David Park is a well established author of literary fiction from the North of Ireland, who deserves to be better known than he currently is at present. For instance, he seems to lack an entry in Wikipedia, something which I may attempt to remedy in the near future! The Light of Amsterdam is his 8th novel, published by Bloomsbury to generally good reviews. It starts and finishes in Belfast, but the bulk of the events occur over a weekend in Amsterdam.
The Light of Amsterdam follows the interacting stories of three pairs of characters who travel for a weekend away. Alan is a College lecturer in Art who has recently separated from his wife. His career is failing and he has lost his enthusiasm for his subject and for life. He is planning a trip on his own to Amsterdam to see Bob Dylan in concert, attempting to capture the spirit of an earlier visit at a formative stage in his life. His ex-wife, however, also has plans, and he finds that he has to take his teenage Goth son Jack with him. He thinks that this may allow him an opportunity to break down some of the barriers that marital breakdown and adolescence have caused in their relationship, but it is unlikely that the trip will be an easy one.
Karen is a working class single mother heading to Amsterdam for her daughter Shannon’s hen party. She has worked incredibly hard all of her life in a series of menial jobs to provide for Shannon, but has a burgeoning sense that her daughter takes her for granted and is not a very nice person. She has never been abroad before and is anxious about every aspect of the trip and worried about her future.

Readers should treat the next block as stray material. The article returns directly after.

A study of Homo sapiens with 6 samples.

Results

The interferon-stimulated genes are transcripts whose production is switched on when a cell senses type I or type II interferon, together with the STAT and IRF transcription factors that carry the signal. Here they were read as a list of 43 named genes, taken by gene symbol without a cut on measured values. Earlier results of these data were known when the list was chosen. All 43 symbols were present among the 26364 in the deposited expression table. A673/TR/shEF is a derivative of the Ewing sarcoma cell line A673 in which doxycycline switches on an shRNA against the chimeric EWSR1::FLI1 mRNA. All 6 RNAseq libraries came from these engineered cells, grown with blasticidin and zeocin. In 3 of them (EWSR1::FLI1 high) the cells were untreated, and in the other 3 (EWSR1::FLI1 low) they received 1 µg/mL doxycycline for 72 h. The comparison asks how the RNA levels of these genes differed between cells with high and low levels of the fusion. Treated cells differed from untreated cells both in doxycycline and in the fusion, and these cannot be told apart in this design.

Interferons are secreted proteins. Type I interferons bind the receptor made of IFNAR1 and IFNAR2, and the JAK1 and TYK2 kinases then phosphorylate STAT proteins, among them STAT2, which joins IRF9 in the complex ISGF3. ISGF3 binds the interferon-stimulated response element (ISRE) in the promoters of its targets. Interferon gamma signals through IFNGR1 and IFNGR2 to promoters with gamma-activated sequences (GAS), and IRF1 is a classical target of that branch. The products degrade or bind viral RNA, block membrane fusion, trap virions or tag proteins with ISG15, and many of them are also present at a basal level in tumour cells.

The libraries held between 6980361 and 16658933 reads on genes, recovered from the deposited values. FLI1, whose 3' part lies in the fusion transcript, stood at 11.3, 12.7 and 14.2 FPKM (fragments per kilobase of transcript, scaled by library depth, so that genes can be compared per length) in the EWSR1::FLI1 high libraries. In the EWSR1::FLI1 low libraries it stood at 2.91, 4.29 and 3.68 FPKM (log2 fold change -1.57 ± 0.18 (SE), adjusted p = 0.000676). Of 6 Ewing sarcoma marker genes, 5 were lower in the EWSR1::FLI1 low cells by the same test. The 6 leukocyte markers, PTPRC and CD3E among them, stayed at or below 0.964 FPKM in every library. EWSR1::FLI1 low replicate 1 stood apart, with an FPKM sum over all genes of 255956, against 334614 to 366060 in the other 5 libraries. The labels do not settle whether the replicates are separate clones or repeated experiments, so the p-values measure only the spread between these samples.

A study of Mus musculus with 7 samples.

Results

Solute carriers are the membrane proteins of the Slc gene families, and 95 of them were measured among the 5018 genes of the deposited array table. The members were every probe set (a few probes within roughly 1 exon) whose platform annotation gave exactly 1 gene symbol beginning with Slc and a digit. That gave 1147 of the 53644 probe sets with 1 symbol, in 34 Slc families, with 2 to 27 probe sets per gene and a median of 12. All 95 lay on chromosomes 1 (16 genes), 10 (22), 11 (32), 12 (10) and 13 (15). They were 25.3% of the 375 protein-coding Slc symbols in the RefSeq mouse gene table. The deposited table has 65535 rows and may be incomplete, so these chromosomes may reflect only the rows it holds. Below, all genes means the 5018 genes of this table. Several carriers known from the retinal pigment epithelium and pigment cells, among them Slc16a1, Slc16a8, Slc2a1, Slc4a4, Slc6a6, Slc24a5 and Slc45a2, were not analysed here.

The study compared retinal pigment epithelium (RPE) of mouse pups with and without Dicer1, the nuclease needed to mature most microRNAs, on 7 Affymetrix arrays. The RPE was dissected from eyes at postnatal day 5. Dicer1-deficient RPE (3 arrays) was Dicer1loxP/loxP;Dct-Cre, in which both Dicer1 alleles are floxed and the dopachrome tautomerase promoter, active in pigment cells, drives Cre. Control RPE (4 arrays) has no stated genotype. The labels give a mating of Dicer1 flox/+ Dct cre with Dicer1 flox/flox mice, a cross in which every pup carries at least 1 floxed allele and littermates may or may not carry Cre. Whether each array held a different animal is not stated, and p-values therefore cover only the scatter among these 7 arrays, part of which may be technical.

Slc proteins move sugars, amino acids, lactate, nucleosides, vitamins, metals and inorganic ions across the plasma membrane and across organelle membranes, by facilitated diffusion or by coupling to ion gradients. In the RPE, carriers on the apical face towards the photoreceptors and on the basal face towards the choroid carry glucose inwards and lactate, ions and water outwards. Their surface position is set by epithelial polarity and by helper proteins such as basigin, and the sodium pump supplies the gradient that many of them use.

The third couple, Richard and Marion, own a Garden Centre and are travelling to Amsterdam for a weekend break. Marion is acutely aware of the ageing process and worried that she is becoming dangerously unattractive to her husband. Each of them has a secret objective for the trip, and both are in for a considerable surprise.
During the course of the novel, the characters bump into each other at different stages of the trip, interacting in a range of ways. Most are concerned in different ways with ageing and the sense that their lives are running out of time and opportunity, but an impression is left that providing they make an effort there is still time for them to reinvent themselves. The writing is strong, the characters interesting and the plot generally convincing, at times a little predictable but also with some surprises. I know both Belfast and Amsterdam well, and both places are conjured up with considerable conviction. The Light of Amsterdam is a gentle book, but with an edge. For me, the ending jars a little with what has gone earlier, but the characters will linger in my memory. Not an outstanding or groundbreaking book, but a worthwhile read.